You are likely, in the process of doing your Activist Project Histories, to uncover lots of gratifying information about your talents, skills and accomplishments. Unfortunately, you are also likely to uncover some “uncomfortable truths.” You may discover, for example, that:
• You are not as committed to activism, or to your cause, as you thought. (Maybe you have other priorities right now. Or maybe you’re just exhausted.)
• Or, conversely, you are more committed to activism than you realized. (And, therefore, you should be doing even more of it than you are doing now. And how are you going to do that while continuing to earn a living and take care of your loved ones?)
• You have stronger materialistic cravings than you previously thought. (You really would like a nice car, new clothes or a bigger apartment. Or maybe you are just tired of living hand-to-mouth.)
• You would like to have more fun. (But how can you possibly take a night off, or a few nights off, when there are suffering people and/or animals out there who need you?)
• Your desire to do activism is partly rooted in your “selfish” personal needs or insecurities. (You want everyone to think you’re cool, or sensitive, or super-committed. Or, you like it when your activist ideals and lifestyle get under your parents’ skin.)
• You have questions about the validity of your cause. (You’re no longer sure whether it’s completely in the right.)
• You are no longer committed to the organization you are working for. (You don’t like the people or their approach.)
• You’re not as good an activist as you thought. (You’re not good at certain key skills, such as talking about your cause without annoying people. Or, you haven’t really accomplished that much relative to all the time and effort you’ve put in.)
• You haven’t really done as much activism as you thought. (So, what have you really been spending your time on, all these years?)
Confronting uncomfortable truths such as these can cause sadness, shame, guilt, regret and other negative emotions. It’s important, however, not to give in to these. The way to handle uncomfortable truths is as follows:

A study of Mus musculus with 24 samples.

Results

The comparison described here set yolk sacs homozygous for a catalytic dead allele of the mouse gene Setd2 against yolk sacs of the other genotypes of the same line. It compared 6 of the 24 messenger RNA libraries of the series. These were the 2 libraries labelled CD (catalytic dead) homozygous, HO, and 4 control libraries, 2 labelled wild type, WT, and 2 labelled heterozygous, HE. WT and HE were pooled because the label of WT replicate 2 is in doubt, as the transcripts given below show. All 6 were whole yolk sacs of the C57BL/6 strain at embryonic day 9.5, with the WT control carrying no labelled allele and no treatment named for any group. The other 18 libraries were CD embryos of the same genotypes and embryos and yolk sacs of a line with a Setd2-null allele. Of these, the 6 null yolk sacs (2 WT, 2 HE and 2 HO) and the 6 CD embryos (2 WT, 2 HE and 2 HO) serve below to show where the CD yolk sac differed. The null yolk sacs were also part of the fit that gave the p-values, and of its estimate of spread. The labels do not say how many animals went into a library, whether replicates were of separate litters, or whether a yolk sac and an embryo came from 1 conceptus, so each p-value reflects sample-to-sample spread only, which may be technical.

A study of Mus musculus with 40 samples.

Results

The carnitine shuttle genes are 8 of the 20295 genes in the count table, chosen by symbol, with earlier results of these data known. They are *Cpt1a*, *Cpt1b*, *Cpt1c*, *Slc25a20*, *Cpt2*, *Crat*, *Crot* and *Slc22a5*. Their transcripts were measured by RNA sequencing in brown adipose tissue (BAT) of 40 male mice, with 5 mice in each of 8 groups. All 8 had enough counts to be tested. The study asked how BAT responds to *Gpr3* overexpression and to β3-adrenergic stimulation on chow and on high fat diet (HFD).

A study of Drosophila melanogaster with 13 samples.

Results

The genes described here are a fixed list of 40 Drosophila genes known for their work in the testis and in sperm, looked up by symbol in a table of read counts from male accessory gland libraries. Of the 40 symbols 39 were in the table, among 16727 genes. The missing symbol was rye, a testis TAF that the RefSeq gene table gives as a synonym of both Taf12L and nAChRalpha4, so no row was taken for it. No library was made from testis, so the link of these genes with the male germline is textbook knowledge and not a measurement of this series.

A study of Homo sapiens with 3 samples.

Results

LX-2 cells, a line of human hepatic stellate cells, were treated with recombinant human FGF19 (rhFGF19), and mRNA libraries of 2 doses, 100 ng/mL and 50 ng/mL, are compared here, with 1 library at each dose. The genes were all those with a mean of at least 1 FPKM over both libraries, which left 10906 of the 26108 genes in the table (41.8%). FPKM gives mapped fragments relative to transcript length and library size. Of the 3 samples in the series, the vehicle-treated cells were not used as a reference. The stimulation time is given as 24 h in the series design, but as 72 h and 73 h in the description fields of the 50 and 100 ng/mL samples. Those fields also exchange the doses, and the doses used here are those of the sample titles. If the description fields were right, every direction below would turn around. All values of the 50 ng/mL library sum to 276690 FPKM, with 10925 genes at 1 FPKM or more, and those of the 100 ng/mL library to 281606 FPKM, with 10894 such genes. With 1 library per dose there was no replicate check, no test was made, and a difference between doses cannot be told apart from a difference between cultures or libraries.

1. Don’t feel bad! Congratulate yourself, instead!
Confronting the truth about oneself is hard, gutsy work. Many people can’t do it, and many, perhaps most, don’t even try. So give yourself a lot of credit. Recognize that all of the so-called terrible things you are learning about yourself are not terrible at all (see Points 2 and 3), and that they don’t mean that you are a bad or uncommitted activist. Also remember that this process, painful as it may be, will ultimately lead to your becoming a better activist and a happier, more fulfilled person.
2. Don’t judge yourself harshly.
Many of us seem to believe that if we just criticize ourselves enough, we will be motivated to change our bad habits. The truth is, however, that self-criticism almost never works. In fact, as you will learn in Part III, it usually backfires. So, try not to indulge your habit of self-criticism, and instead seek to compassionately observe your failures and limitations without feeling bad about them.
3. Remember to look at the big picture.
In Part III, I devote an entire chapter to negativity, a self-sabotaging habit that many people are prone to. Negativists, as I call them, tend to be unduly harsh on themselves for their perceived failures or shortcomings, and also to blow them way out of proportion. They also tend to minimize, or not even acknowledge, their achievements and strengths. Negativism will really undermine you, so avoid it, and strive to keep a balanced view of your successes and failures.
4. Talk to someone else.
Because many of us are negativists, it’s often helpful to get a second opinion from a supportive mentor, colleague or friend. Often that opinion will be more balanced than our own, and can help us keep our “failures” and limitations, as well as “successes” and strengths, in perspective.
5. Consult a professional.
If you are finding it really difficult to cope with your unpleasant truths, please consult a mentor, therapist, coach, spiritual counselor or other advisor.
The goal, as always, is honesty, or, to put it another way, objectivity. You want your Activist Project Histories to accurately reflect the entire spectrum of your achievements, “failures,” “successes,” strengths and weaknesses.
Return to your Activist Project Histories and see if they are objective representations of your experiences and feelings. In particular:
• See if there are any achievements you’ve omitted or underemphasized.
• See if there are any uncomfortable truths you’ve omitted or under- or over-emphasized.
If so, rewrite the document so that your experiences and feelings are more accurately and objectively conveyed.